Should we have a first look?
The number one biggest question that impacts your wedding day timeline is do you want to see each other before the ceremony- a “first look”? The decision is an intensely personal one. So how do you decide?
Above all, consider what feels right. Shut out all other voices and listen to your guts- yes, talk to your partner about this too! What are your goals for the day? What do you value most?
A first look may be a better option for you if:
If one or both of you are very very shy and may shut down emotionally in front of strangers.
It’s incredibly nerve wracking and vulnerable to be emotional in front of strangers. Being vulnerable is very brave (see Brene Brown’s amazing Ted Talk on vulnerability) but it’s especially challenging for men. Everyone is watching them for a reaction, and men are typically taught to be “tough” and not show emotion, especially crying. I LOVE vulnerability & emotion, in fact that’s one of the primary reasons I shoot weddings, but many men don’t want their buddies making fun of them, even joking, about them crying, so some men shut down. Same goes for women! If either party doesn’t like being the center of attention, then consider a first look as a more private way of expressing your emotions together, getting reassurance & spending some quiet moments together before the big moment. Worried that the first look will “spoil” the big moment walking down? In my experience & people I’ve talked to, it doesn’t spoil it at all, and sometimes I’ve even gotten reactions both times during the first look and during the ceremony.
If you want to get to the party after the ceremony.
Doing a first look means you get a lot more photos done before the ceremony, leaving more time to potentially attend cocktail hour. Now, I can’t recommend highly enough taking advantage of golden hour for romantic portraits of you guys basking in the glow of newly minted marriage, but in many cases, it’s possible to get some sunset portraits AND get to part of your cocktail hour if that’s a priority to you two.
If you’re getting married in winter.
Generally from November-January, the sun sets pretty early. For Arizona, this is still prime wedding season, so with the sun going down early- sometimes even 5PM around the December solstice- that leaves you with significantly less time to get photos done before it goes down. It’s a mad rush to get everything knocked out if you only have an hour or less before the sun goes down and you didn’t get any family formals, wedding party photos OR couples’ portraits.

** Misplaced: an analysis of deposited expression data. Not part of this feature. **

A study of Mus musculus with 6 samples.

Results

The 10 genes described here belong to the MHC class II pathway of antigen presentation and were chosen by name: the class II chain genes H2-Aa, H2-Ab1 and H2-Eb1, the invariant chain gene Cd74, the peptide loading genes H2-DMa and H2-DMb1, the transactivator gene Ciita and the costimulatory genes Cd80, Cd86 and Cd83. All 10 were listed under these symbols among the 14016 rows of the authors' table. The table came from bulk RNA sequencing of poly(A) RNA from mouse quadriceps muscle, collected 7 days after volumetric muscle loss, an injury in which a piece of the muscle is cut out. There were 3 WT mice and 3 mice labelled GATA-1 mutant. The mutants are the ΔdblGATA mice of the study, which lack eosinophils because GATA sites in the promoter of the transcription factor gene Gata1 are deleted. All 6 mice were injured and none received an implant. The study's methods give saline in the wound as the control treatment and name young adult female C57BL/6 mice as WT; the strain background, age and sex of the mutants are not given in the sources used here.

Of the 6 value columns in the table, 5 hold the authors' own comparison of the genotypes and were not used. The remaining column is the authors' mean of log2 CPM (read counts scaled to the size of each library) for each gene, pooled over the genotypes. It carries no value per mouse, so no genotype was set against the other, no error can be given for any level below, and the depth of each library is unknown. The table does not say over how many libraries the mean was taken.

-If you have a very large wedding party (over 10 people besides the wedding couple) and/or a large family.
If you have a large wedding party or family, it’s usually quite a task to wrangle everyone after the ceremony. Uncle Bob or the best man inevitably wants to go get a drink, usually when we need them for portraits. With large wedding parties and/or family, it takes longer to get everything done and if you aren’t doing a first look, that often results in having to cut couples’ portrait time. I’ve had a few situations where our portrait time was cut down to only 5 minutes before the sun was down.
If getting a lot of couples’ portrait time in is a priority.
If you want a lot of time for couples’ portraits, it’s a really good idea to do a first look. Typically, I spend 20 minutes after the first look doing some portraits in before we start on wedding party & family formals, then we have as much time as the schedule allows after the ceremony to do romantic sunset portraits. Without a first look, you often get your portrait time cut in half or less.
That said, I definitely understand wanting to stick to tradition. It’s entirely a personal decision! No matter what you decide, I’ll do my best to maximize the time and make everything as efficient as possible.
Pro Tip: An option if you want a reaction but don’t want your partner seeing you is to write each other letters. I can even set you both up back to back, or holding hands around a door as you read each other’s letters together. This is also a great idea if you want to do personal vows but don’t have the guts to read them aloud during the ceremony. Though from someone who did write her own vows (and ceremony) and is MORTIFIED of public speaking, there is something truly powerful about saying aloud your vows to your partner with your friends and family as witnesses. It’s very different from giving a speech, that’s for sure!
Most of the debate circulates around expectation of reaction from your partner. Be honest with yourself in what you’re expecting from your partner. If you’re expecting him to cry when he doesn’t cry at anything, you MAY be disappointed no matter which option you choose. He might surprise you of course, and I hope he does! But some people are just not very emotionally reactive, and that’s ok. Don’t give in to societal pressure for some grand breakdown at the sight of you if that’s not in your partner’s nature. Celebrate your own individual uniqueness and authentic relationship together. I’ve seen people react both times at a first look AND the ceremony, and also not much of a reaction. But that doesn’t mean it’s any less impactful or meaningful to the person you are marrying.